Michigan GOP: We're not bigoted against gays – really! But those scary transgender people ...

Jack Lessenberry

There’s a time-honored political technique you might call the “big lie” theory. Basically, it works this way: If you tell the same outrageous lie over and over, no matter how big it is, eventually people will believe that at least some part of it is true.

The latest and best example of this was uttered by one Ari Alder, the mouthpiece for Jase Bolger, the lame-duck speaker of the Michigan House of Representatives. Yesterday, his boss admitted what everybody should already have known: that efforts to expand the state’s Elliott-Larsen Civil Rights Act are going nowhere.

There won’t even be a vote in the Legislature on this. After Bolger admitted this, Adler launched his lie, saying “The extremists on the left were successful in preventing civil rights protections for gays and lesbians in Michigan.”

What they want you to think is that Republicans were all set to protect those folks, but were dragged down by the far left’s insistence on extending civil rights to those scary transgender people.

That’s not at all true – though it is interesting that Republicans today at least don’t want to appear bigoted against gays.

A few years ago, they wouldn’t have worried about that. But here’s what’s really going on here: Prior to the lame duck session, Bolger indicated he might be willing to expand Elliott-Larsen to include “sexual orientation” – in other words, gay and lesbian people.

But the catch was that the speaker said he’d be willing to do so only if it could be coupled with a poison bill, his so-called “Religious Freedom Restoration Act,” which would have essentially permitted people to discriminate against anyone whose lifestyle they disapproved.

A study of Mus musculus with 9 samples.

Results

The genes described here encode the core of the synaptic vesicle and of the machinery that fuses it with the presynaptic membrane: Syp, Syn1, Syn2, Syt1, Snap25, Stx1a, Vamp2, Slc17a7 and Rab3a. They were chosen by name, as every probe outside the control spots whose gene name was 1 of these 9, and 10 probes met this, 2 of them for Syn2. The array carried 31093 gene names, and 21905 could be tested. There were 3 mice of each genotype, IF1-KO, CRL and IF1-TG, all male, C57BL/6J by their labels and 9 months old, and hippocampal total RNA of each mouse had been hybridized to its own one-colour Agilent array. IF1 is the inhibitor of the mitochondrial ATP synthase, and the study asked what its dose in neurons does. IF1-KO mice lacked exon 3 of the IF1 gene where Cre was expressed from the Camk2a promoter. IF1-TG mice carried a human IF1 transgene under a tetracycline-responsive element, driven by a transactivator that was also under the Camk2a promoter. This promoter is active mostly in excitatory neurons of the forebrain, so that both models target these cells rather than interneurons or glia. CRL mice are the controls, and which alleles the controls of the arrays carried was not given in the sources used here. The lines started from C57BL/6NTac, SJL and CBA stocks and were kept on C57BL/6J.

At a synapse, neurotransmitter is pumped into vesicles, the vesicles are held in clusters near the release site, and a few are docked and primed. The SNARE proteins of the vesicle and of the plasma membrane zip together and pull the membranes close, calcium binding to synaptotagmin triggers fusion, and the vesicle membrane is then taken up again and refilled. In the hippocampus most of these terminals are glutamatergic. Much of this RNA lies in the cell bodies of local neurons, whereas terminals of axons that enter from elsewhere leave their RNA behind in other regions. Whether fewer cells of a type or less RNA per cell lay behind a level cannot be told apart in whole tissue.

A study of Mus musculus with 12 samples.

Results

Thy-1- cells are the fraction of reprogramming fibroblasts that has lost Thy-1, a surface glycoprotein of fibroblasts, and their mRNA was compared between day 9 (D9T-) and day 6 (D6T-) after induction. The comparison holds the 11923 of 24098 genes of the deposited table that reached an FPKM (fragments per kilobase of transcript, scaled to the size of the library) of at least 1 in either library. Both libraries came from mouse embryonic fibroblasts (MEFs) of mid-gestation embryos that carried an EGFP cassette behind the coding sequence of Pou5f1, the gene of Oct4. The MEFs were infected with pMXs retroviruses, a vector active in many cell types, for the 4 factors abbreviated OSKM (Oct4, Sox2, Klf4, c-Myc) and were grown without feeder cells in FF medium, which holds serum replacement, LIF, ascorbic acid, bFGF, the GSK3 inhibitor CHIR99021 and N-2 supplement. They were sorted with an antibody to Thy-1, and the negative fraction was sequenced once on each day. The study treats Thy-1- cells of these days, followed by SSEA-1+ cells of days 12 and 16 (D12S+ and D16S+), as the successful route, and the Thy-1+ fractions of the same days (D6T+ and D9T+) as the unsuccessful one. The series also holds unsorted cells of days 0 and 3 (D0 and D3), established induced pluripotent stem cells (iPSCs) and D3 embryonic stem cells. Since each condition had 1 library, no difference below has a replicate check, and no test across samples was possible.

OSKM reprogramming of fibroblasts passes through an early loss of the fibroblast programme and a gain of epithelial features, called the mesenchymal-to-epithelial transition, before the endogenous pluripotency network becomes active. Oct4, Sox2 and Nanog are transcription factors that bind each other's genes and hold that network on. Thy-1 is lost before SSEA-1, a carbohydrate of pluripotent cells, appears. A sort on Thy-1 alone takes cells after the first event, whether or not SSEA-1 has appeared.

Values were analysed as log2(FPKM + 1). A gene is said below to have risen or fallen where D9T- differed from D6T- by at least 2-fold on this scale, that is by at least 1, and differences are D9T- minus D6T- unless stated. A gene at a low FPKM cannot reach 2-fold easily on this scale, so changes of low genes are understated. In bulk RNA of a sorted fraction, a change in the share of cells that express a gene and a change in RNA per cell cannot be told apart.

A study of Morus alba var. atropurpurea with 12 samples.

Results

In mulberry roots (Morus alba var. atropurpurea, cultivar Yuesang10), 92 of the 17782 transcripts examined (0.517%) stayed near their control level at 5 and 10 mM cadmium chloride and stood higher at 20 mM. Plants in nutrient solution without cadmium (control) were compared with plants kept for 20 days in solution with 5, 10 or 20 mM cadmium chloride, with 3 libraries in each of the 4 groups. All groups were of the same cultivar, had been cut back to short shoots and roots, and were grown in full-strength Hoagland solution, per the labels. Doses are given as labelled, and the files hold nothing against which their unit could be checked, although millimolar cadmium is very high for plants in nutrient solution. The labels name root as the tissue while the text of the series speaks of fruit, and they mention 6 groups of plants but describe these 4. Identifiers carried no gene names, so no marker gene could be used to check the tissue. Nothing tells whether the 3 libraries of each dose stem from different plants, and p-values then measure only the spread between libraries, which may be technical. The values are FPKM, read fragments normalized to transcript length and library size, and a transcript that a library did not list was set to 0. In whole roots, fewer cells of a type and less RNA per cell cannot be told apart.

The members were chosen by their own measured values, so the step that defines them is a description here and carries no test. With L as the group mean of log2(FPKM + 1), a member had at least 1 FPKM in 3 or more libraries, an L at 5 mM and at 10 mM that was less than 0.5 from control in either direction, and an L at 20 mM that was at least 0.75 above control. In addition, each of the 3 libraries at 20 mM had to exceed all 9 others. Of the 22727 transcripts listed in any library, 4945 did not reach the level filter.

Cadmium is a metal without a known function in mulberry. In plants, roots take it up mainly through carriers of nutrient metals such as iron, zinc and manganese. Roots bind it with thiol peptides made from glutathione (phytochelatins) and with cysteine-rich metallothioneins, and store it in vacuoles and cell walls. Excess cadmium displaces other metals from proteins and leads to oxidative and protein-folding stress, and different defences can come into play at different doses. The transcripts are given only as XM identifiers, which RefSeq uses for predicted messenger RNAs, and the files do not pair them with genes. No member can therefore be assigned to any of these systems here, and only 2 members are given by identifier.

Civil rights supporters would, they knew, never go along with this. Even if they had, I doubt many Republicans would have supported even a meaningless expansion of Elliott-Larsen.

That the game was over was clear last week, when the man who takes over as House speaker next year, Kevin Cotter, said he was in favor of passing the bogus “religious freedom restoration act,” without expanding Elliott-Larsen at all.

However, the cold fact is that supporters of civil rights for gay Americans didn’t lose this battle then.

They lost it Aug. 5, when State Rep. Frank Foster of Petoskey, the only Republican to endorse expanding Elliott Larsen, was beaten in his primary over this very issue.

After that, and after the GOP not only held on to their legislative majorities but increased them, it was clear there was no way there would be any expansion of civil rights for non-heterosexuals.

If there is any silver lining, it is that Republicans now feel compelled to at least pretend they favor civil rights for gays, if not transgender human beings. This also may have been the making of a new career for Frank Foster, who emerged as somewhat of a civil rights hero.

Had he won his primary, he would have probably served out his term as a little-known, back-bench representative.

But for those of different sexual orientation or gender identity, it should be clear that Michigan government will do nothing for you. Not in the next few years, in any event.

For now, their hopes must lie in the federal courts.

Jack Lessenberry is Michigan Radio's political analyst. You can read his essays online at michiganradio.org. Views expressed in his essays are his own and do not necessarily reflect those of Michigan Radio, its management or the station licensee, The University of Michigan.